State senator Mary Margaret Haugen has announced that she's in.
Haugen, a Democrat who represents a moderate district including Whidbey Island, cites a recently proposed amendment that will allow for religious entities to deny certain services to same sex couples. And, on a more personal note from her statement, because "my choice is to allow all men and women in our state to enjoy the same privileges that are so important in my life."
Haugen's is the key 25th vote required to push the pivotal marriage equality bill through the Washington State Senate—the house is already secured—and the governor is prepared to sign the bill into law. Please call Senator Haugen to thank her: (360) 786-7618. And while you're at it, call the four undecided senators too and encourage them to join her—one vote is a pretty hard cushion and a few more supporters would help.
Unless something shifts in the weeks before the vote, the larger campaign for marriage equality is on.
Passing the bill will put Washington State on the map as one of the few states to approve marriage equality legislatively. But the real question, assuming religious extremists succeed in placing this on the ballot (and they likely will), is whether Washington voters will make us the first state in history to approve same-sex marriage at the polls.
That's the real challenge. Game on and all that.
Haugen's full statement is after the jump.
“For several weeks now, I have heard from the people of my district. They’ve shared what’s in their hearts and minds.
“I have received many letters, emails, phone calls, very heartfelt, from both sides of the issue. I’ve also received a number of very negative comments from both sides.
“For some people, this is a simple issue. I envy them. It has not been simple or easy for me.
“To some degree, this is generational. Years ago I took exception to my parents’ beliefs on certain social issues, and today my children take exception to some of mine. Times change, even if it makes us uncomfortable. I think we should all be uncomfortable sometime. None of us knows everything, and it’s important to have our beliefs questioned. Only one being in this world is omniscient, and it’s not me.
“I have very strong Christian beliefs, and personally I have always said when I accepted the Lord, I became more tolerant of others. I stopped judging people and try to live by the Golden Rule. This is part of my decision. I do not believe it is my role to judge others, regardless of my personal beliefs. It’s not always easy to do that. For me personally, I have always believed in traditional marriage between a man and a woman. That is what I believe, to this day.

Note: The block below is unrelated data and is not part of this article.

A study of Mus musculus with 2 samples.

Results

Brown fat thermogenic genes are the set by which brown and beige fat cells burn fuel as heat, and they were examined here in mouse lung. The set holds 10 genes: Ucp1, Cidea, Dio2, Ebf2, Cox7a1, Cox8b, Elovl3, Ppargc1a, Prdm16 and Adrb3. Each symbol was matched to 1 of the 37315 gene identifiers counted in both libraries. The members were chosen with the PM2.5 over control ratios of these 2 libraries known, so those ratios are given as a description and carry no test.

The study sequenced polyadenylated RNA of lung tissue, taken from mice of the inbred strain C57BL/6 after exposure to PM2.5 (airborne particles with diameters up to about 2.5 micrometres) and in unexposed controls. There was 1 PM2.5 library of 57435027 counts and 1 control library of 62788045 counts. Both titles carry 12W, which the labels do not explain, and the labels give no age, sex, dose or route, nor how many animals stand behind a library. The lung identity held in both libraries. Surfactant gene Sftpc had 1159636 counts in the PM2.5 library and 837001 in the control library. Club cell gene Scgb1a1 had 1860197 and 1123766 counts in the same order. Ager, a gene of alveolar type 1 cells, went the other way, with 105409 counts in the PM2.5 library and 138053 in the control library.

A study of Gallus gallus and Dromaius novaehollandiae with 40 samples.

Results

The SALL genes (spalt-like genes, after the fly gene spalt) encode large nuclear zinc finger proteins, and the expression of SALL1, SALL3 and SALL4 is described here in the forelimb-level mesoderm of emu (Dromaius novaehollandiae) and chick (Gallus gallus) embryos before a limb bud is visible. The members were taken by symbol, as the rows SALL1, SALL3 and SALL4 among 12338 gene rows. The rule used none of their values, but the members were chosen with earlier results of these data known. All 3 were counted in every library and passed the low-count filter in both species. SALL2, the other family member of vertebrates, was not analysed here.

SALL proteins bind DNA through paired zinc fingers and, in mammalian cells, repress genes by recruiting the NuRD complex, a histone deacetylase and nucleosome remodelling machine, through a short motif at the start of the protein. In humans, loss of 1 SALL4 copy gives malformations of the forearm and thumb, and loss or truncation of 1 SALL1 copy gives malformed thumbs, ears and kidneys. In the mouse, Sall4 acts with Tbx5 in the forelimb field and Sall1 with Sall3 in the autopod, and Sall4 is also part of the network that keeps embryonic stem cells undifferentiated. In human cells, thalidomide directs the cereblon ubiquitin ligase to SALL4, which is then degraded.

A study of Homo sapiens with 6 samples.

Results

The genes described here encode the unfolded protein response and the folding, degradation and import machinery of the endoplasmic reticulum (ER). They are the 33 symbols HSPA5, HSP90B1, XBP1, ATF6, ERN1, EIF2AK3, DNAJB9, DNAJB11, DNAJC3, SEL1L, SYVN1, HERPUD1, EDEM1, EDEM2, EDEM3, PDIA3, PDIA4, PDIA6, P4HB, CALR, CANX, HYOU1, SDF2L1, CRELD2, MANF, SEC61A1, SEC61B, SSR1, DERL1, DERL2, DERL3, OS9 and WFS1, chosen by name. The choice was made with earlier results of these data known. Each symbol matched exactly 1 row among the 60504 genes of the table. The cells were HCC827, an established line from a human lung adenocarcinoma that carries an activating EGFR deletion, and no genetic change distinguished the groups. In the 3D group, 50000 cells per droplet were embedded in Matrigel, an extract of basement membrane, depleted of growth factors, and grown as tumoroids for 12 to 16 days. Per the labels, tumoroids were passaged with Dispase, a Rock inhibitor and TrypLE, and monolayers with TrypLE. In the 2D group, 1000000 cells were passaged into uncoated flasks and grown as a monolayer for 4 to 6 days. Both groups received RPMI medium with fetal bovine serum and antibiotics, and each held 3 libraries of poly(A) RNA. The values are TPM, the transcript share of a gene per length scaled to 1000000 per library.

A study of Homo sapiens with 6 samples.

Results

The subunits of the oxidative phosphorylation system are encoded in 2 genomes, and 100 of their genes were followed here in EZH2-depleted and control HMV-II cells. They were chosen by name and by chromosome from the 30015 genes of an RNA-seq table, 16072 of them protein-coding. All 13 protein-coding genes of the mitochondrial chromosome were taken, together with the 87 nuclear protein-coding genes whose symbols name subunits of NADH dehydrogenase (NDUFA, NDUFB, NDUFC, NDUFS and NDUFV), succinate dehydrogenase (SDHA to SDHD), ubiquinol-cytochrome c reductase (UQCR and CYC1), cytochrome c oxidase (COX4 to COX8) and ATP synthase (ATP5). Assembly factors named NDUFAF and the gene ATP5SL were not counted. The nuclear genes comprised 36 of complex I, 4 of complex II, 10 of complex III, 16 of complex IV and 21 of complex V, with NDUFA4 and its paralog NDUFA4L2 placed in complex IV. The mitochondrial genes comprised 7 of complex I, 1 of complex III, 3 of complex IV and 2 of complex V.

“But this issue isn’t about just what I believe. It’s about respecting others, including people who may believe differently than I. It’s about whether everyone has the same opportunities for love and companionship and family and security that I have enjoyed.
“For as long as I have been alive, living in my country has been about having the freedom to live according to our own personal and religious beliefs, and having people respect that freedom.
“Not everyone will agree with my position. I understand and respect that. I also trust that people will remember that we need to respect each other’s beliefs. All of us enjoy the benefits of being Americans, but none of us holds a monopoly on what it means to be an American. Ours is truly a big tent, and while the tent may grow and shrink according to the political winds of the day, it should never shrink when it comes to our rights as individuals.
“Do I respect people who feel differently? Do I not feel they should have the right to do as they want? My beliefs dictate who I am and how I live, but I don’t see where my believing marriage is between a man and a woman gives me the right to decide that for everyone else.
“I’ve weighed many factors in arriving at this decision, and one of them was erased when the legislation heard today included an amendment to clearly provide for the rights of a church to choose not to marry a couple if that marriage contradicts the church’s view of its teachings. That’s important, and it helped shape my decision.
“My preference would be to put this issue on the ballot and give all Washingtonians the opportunity to wrestle with this issue, to search their hearts as I have, and to make the choice for themselves. But I do not know that there are the votes to put it to a ballot measure. So, forced to make a choice, my choice is to allow all men and women in our state to enjoy the same privileges that are so important in my life. I will vote in favor of marriage equality.
“I know this announcement makes me the so-called 25th vote, the vote that ensures passage. That’s neither here nor there. If I were the first or the seventh or the 28th vote, my position would not be any different. I happen to be the 25th because I insisted on taking this much time to hear from my constituents and to sort it out for myself, to reconcile my religious beliefs with my beliefs as an American, as a legislator, and as a wife and mother who cannot deny to others the joys and benefits I enjoy.
“This is the right vote and it is the vote I will cast when this measure comes to the floor.”